MUSIC AND PARKINSON’S
Music has an extremely powerful influence over us – it can make us happy or sad, and can transform our mood. Its infectious rhythm can get us tapping our toes and then it can also motivate us to move. Listening to music may modulate emotions, behaviour, movements, communications and cognitive factors and modify the activity of the brain areas involved in the perception and regulation of these aspects.
While one is playing music, multiple different areas of the brain are activated and in the long run, this leads to an increase in the volume and activity of the corpus callosum – the bridge that allows communication between the two sides of the brain.
Rhythmic auditory stimulation (RAS) can improve many aspects of gait timing. Interactive RAS can re-establish healthy gait dynamics in Parkinson’s patients, e.g. when entrained with the interactive rhythmic system (march music or a metronome), their stability improves. Parkinson’s patients can often dance beautifully even though they can’t walk. They can put their feet in position because of the music’s cue or beat. A German study indicates that using a metronome to improve the RAS is effective.4 It also helps to use the voice to sing or cue with tongue clapping to ‘defrost’ the legs. This supports the Parkinson’s patient socially and emotionally.
At the University of Calgary, Dr Bin Hu developed a music walking programme for Parkinson’s patients to help them to walk with bigger steps. Using the sensing technology of iPod touch, his team developed a new device called the ‘The Gait Reminder.’ The device is strapped to the patient’s knee and used to measure the length and speed of steps. The patients listen to the music through wireless headphones, and if they walk with adequate long steps, the device rewards them with music. If the steps become too short, the music stops, serving as a reminder to take bigger steps. ‘The Gait Reminder’ demonstrates that music can serve as powerful memory cues and help in prolonging patients’ functional mobility and better walking patterns.5
HARP MUSIC AND PARKINSON’S
The harp differs from many other instruments and the human voice by its vibrational pattern. A harp usually has 26 to 47 strings, and when listening to a harp on which a string is being plucked, you will immediately experience a quality of sound that is more than just a single note.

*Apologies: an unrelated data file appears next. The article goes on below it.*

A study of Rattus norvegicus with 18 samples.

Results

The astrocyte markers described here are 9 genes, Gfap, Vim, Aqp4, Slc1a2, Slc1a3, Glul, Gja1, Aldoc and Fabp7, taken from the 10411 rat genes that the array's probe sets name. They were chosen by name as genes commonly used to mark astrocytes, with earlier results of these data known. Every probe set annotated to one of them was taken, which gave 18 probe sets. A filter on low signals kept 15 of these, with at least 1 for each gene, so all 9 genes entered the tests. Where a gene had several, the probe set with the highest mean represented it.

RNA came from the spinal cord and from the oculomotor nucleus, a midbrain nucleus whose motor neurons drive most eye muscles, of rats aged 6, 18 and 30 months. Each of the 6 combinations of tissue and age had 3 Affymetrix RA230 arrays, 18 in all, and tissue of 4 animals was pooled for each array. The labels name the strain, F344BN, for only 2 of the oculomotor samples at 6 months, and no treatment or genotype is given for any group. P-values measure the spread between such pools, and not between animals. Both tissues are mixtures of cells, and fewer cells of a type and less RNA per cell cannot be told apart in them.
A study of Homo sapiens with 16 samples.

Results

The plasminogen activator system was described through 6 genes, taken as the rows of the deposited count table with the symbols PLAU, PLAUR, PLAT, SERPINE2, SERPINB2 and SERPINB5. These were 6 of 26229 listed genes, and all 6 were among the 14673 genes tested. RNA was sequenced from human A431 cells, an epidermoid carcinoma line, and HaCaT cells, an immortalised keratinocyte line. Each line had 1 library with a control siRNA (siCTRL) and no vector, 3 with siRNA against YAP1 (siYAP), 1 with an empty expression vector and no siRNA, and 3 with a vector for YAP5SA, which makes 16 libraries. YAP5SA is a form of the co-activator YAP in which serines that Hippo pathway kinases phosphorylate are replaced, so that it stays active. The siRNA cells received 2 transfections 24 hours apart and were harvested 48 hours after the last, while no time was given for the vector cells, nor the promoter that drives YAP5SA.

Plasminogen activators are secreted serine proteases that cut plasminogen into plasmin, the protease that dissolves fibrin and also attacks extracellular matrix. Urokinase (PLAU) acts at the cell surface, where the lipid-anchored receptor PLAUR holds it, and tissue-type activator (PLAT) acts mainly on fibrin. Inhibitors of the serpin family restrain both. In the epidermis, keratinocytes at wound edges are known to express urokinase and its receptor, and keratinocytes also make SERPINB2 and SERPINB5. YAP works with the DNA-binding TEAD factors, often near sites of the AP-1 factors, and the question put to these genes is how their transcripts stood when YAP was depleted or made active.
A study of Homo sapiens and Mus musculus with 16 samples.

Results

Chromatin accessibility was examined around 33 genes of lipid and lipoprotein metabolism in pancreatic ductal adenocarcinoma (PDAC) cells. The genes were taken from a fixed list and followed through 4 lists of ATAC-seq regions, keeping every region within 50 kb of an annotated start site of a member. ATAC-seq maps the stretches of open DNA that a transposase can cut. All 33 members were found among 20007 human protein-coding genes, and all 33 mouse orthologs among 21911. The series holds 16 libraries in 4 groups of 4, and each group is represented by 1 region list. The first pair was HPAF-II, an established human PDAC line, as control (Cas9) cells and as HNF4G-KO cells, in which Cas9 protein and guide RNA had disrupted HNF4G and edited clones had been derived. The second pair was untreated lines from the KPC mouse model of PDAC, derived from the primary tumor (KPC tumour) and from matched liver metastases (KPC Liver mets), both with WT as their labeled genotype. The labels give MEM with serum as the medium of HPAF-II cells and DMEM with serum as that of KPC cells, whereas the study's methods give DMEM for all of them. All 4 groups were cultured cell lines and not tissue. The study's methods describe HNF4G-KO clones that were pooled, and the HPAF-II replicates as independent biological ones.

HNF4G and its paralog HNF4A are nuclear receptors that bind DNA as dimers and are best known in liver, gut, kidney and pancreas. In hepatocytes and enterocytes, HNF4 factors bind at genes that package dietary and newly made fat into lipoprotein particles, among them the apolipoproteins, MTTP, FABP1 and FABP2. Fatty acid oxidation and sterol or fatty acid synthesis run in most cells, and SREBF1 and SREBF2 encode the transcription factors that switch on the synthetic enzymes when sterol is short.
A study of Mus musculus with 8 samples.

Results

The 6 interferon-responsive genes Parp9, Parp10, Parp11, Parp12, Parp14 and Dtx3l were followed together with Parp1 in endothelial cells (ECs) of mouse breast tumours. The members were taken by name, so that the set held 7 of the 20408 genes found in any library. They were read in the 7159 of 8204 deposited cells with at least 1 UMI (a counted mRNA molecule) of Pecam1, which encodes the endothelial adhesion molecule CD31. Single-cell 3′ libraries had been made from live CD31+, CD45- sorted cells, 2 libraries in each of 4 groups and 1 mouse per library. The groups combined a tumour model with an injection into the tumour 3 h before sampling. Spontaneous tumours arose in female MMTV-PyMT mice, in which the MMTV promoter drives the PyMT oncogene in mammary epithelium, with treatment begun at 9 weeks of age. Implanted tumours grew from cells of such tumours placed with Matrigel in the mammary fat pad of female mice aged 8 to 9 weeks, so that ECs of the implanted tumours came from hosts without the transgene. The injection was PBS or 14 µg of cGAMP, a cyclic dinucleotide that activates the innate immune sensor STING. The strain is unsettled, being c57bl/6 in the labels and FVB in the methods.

Dr Ron Price, who suffers from Parkinson’s disease, started to play the harp for several hours daily. The harp has kept him relatively free of symptoms, but when he does not play music for several days, the symptoms return. His speech becomes garbled, his face slackens and his motor functions decrease. It is clear to medical researchers that harp playing greatly improves the motor skills of those suffering from Parkinson’s disease. He started the Healing Harps group (address: Healing Harps c/o Robert Price School of Music, Northern Illinois University, DeKalb, III. 60115). Today this group has 120 active members.
Parkinson’s is a complex disease. It is more than a tremor, stiffness and gait disturbance, more than a lack of dopamine in the substantia nigra. Music in all its complexity seems to harmonise with the complexity of Parkinson’s disease. It changes not only the gait, but also the depressed mood and brings happier thoughts and a lighter mood.
Editor’s Note: A new study suggests a strong correlation between the Mediterranean diet and later onset of Parkinson disease (up to 17 years later in women and 8 years later in men). It is important to take note of the impacts specific foods and micronutrients may have on brain health and to drive home the connection between the gut and the brain in disease management. The study was published in Movement Disorders.
1. Sveinbjornsdottir S. The clinical symptoms of Parkinson’s disease. J Neurochem. 2016;139:318-324.
2. Atwood GW. Living Well with Parkinson’s. Hoboken, NJ:John Wiley & Sons, 2005.
3. Goodwin VA, Richards SH, Taylor RS, Taylor AH, Campbell JL. The effectiveness of exercise interventions for people with Parkinson’s disease: a systematic review and meta analysis. Mov Disord. 2008:23(5):631-640.
4. Enzensberger W, Oberländer U, Stecker K. Metronome therapy in patients with Parkinson’s disease. Nervenarzt. 1997;68(12):972-927.